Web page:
Millennium Post

Mauni amavasya: The day of practising silence

Mauni amavasya: The day of practising silence
The amavasya of Magh month is known as the Mauni amavasya. The day is also celebrated as the birthday of Manu rishi. It is believed, Lord Brahma gave origination to Maharaja Manu and queen Shatrupa. Hence, this day is considered as the beginning of the universe creation.

The fifteenth day of the dark fortnight of Magha is well known as Mauni amavasya. The Magha is considered as religiously most sacred among other Indian months. The word Mauni means silence, on this day complete silence is observed. If this date falls on Monday, then its auspiciousness increases all the more. This is also the day of a dip in the holy Ganga.

In the year 2014, Mauni amavasya will be celebrated on 30 January. On this day, Sun and Moon enter into Capricorn sign because of the transit. The significance of this amavasya increases when the yoga for Capricorn, Sun and Moon is formed. Taking bath in holy rivers on this day is believed to give fruitful results.

According to some scholar, Maun Vrat should be observed on this day. Maun (silent) Vrat means to control all our senses. People take the resolution of Maun Vrat for a day, or a month, or for one year. It depends on a person for how long he wants to observe silence. Taking bath in holy rivers, along with fasting is considered very auspicious. Hence, it is believed that a person should observe Maun Vrat and then have a bath. After completing the bath etc. A person observing Maun fast should go to a peaceful place and perform mediation. This purifies the mind of an individual. The soul gets connected with Lord. On the day of Mauni amavasya, a person can perform homas, donations etc after bathing and meditations. It is believed that by doing so the sins are removed and people get relief from enemies. On Mauni amavasya, bathing in holy rivers give virtues that are obtained by performing hundred thousand Rajasuya yagna. Its benefits are equal to Ashwamedha yagya.

The Amavasya and Purnima of Magh month celebrated as a festival on this day. The places where Amrit was dropped, during Samudra Manthan between gods and demons are considered sacred for having bath.

On this day a person should avoid performing  wrong works and try to make his mind strong. He should focus on activities that can help him to keep his mind peaceful and make the body strong.
After this, person should worship Brahma Dev and perform the Gayatri japa. Donations should be done with faith and chanting of mantra. The donations include giving of cow, gold, clothes, bed and other useful things.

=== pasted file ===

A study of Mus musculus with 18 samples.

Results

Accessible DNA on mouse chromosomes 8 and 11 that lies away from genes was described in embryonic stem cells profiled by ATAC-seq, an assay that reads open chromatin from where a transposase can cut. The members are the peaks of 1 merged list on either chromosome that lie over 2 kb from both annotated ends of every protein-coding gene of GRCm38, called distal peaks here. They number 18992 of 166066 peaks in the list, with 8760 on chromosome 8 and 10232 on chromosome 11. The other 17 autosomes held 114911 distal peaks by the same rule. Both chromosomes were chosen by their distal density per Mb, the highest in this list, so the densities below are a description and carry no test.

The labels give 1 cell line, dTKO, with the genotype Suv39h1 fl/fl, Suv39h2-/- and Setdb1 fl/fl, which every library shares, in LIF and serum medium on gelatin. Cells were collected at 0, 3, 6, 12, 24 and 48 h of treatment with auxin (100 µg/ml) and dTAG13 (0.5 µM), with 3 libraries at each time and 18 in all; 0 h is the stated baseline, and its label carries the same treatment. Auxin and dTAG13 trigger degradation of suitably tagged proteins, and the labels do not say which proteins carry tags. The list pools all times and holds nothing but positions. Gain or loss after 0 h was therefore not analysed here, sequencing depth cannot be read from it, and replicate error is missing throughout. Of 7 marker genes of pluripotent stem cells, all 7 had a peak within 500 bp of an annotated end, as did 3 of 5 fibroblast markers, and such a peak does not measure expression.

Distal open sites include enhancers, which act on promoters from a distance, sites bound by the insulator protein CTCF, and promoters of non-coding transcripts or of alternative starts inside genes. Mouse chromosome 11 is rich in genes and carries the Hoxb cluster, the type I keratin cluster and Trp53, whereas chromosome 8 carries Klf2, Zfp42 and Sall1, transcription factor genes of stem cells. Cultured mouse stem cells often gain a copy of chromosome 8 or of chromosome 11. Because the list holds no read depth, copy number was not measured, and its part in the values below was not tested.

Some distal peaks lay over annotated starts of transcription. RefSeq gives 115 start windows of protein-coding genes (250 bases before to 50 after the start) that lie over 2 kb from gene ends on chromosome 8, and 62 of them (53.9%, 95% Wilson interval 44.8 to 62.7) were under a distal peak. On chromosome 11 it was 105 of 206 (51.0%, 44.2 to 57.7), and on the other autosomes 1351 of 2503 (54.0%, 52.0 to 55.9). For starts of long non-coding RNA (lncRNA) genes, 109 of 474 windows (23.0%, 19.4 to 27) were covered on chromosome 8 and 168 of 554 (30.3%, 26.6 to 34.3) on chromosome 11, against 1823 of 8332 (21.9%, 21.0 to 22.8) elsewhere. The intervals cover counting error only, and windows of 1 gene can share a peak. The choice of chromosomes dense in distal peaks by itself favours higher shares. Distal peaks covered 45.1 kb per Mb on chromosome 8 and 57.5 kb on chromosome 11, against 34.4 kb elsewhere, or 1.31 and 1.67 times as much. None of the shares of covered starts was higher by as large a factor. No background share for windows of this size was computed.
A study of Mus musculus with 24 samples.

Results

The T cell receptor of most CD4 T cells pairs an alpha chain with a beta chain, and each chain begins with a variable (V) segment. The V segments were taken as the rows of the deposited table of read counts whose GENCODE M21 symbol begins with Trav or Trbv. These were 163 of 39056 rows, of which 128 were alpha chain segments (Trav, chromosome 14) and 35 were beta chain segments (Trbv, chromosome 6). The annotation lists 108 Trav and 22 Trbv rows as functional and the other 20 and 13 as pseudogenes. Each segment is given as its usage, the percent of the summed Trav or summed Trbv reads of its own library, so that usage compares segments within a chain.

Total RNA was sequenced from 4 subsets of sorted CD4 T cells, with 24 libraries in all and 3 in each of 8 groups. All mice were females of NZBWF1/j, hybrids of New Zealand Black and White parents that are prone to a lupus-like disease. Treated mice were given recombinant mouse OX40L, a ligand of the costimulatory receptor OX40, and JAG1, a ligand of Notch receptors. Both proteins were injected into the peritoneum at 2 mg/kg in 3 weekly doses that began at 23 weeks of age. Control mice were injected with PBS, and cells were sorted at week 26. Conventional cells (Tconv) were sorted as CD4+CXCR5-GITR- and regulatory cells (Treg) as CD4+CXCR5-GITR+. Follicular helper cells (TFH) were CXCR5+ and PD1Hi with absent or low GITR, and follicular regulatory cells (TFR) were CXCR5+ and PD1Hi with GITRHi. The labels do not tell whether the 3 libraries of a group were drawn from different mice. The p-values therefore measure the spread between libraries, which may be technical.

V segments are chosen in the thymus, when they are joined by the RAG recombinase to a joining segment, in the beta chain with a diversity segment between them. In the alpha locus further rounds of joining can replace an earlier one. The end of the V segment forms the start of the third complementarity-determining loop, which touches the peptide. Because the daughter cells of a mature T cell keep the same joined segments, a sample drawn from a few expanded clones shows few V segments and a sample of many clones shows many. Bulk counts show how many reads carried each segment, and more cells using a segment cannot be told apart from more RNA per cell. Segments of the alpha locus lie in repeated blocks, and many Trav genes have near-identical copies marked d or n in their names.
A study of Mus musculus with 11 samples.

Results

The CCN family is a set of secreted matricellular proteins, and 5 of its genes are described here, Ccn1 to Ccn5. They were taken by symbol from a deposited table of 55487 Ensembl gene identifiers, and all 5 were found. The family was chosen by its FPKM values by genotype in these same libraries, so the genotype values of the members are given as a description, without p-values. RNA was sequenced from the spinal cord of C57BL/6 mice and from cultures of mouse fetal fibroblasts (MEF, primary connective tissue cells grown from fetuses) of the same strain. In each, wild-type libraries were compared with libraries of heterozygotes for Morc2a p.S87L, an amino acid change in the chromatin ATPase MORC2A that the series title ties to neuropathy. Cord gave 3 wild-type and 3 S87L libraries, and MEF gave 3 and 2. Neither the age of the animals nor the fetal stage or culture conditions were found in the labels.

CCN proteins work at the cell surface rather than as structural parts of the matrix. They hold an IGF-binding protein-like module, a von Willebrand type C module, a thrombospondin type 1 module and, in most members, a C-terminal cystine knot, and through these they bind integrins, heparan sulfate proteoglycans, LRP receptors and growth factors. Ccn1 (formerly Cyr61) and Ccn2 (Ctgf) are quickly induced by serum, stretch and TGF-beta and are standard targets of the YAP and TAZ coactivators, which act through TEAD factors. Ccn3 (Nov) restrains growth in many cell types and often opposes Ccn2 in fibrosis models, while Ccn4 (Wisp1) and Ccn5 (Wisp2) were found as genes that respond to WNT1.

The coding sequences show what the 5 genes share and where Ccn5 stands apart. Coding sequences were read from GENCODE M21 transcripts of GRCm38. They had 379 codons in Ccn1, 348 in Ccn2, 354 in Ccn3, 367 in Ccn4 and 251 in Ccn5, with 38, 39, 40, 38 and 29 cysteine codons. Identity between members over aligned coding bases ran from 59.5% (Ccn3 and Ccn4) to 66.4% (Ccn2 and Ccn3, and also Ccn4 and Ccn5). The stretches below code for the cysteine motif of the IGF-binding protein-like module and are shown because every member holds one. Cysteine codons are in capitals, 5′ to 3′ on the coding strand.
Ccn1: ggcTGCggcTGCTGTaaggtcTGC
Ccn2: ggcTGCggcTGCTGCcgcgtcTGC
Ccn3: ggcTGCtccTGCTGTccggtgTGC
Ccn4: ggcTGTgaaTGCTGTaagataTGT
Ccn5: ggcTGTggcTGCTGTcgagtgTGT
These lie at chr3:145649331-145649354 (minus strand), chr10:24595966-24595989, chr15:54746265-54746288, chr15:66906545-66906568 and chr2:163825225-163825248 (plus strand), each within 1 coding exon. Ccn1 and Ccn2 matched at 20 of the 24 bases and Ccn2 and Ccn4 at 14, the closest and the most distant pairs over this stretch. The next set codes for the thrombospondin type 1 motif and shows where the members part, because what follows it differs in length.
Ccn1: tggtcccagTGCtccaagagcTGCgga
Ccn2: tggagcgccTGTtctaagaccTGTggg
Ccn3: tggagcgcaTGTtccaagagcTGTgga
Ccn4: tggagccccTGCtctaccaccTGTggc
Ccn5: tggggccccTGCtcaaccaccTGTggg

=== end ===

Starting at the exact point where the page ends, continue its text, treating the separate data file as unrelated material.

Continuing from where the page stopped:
Like Kartik bathing, Magha bathing is also highly rewarding, and so, many aspirants live on the banks of Ganga throughout the month and daily enjoy bathing in the sacred river. The month long bathing and fasting end with the observance of Mauni amavasya. On Mauni amavasya, Lord Vishnu is worshipped and the peepal tree is circumambulated. In the Bhavad Gita, Lord Krishna has said ‘Among the trees, I am aswattha’. Aswattha or peepal (ficus religiosa) is a holy tree.

The observance of piety and devotion on this day at Prayag, where the Ganga, the Yamuna, and the Saraswati confluent, is highly meritorious. Aspirants come and live here for a full month and practice prescribed rituals and ceremonial sacrifice. This is known as ‘Kalpa-vas’. Through the whole month there are religious discourses such as kirtan, bhajan and satsang. The aspirants take full advantage of all these. They take a simple one meal a day or eat only fruit and drink some milk. Brahmins and others deserving persons are given gifts, food, raiment, in charity. Thus, they earn a lot of spiritual merit by practising religious ceremonies.

Apart from its festive and religious import, Mauni amavasya is a call of the inner self, of the need for initiating an inner ‘dialogue’ with oneself, of the need to start the spiritual journey. Swami Sivananda sees the vow of silence as one of the basic spiritual disciplines for the evolution of the ‘divine life’ of man, starting with the mauna of speech which will lead to mauna of mind. Mauni Amavasya is an opportune time to learn to control the vikshepa, freeing ourselves of distractions so that we can focus within.

In all religious spiritual traditions whether Christian, Hindu, Islamic or Buddhist, the voluntary act of non-speaking is an integral part of religion, being practiced in the form of silent retreats, vows of silence or silent prayer. Mauna is described by Adi Shankaracharya as one of the three essential attributes of a Sanyasi along with balya or childlike state and panditya or wisdom. Both Acharya Vinoba Bhave and Mahatma Gandhi observed periods of silence in their spiritual practice. Vinoba Bhave even observed a year long silence in the year 1974-75. Mauna is a state beyond speech and thought, it is ‘living without the ego-sense’. Mauna is not different from the classic definition of Yoga as given in Patanjali’s Yoga Sutras: ‘Yogas citta vritti nirodha’ – ‘Yoga is the cessation of mental fluctuations.’

The legend has it that after creating the devas, asurs, pitras etc, Lord Brahma was completely exhausted and decided to take a break.

He sat ruminating about the direction his work had taken till now, when suddenly, from his body, emerged a creature who looked a lot like him.

This was the first man, Swayambhu Manu (born-on-his-own) who was born with the Kaya of his father Brahma (ka-Brahma, ya-form). Interestingly, the same incident is noted in Bible as - ‘Man was created in the image of his maker!’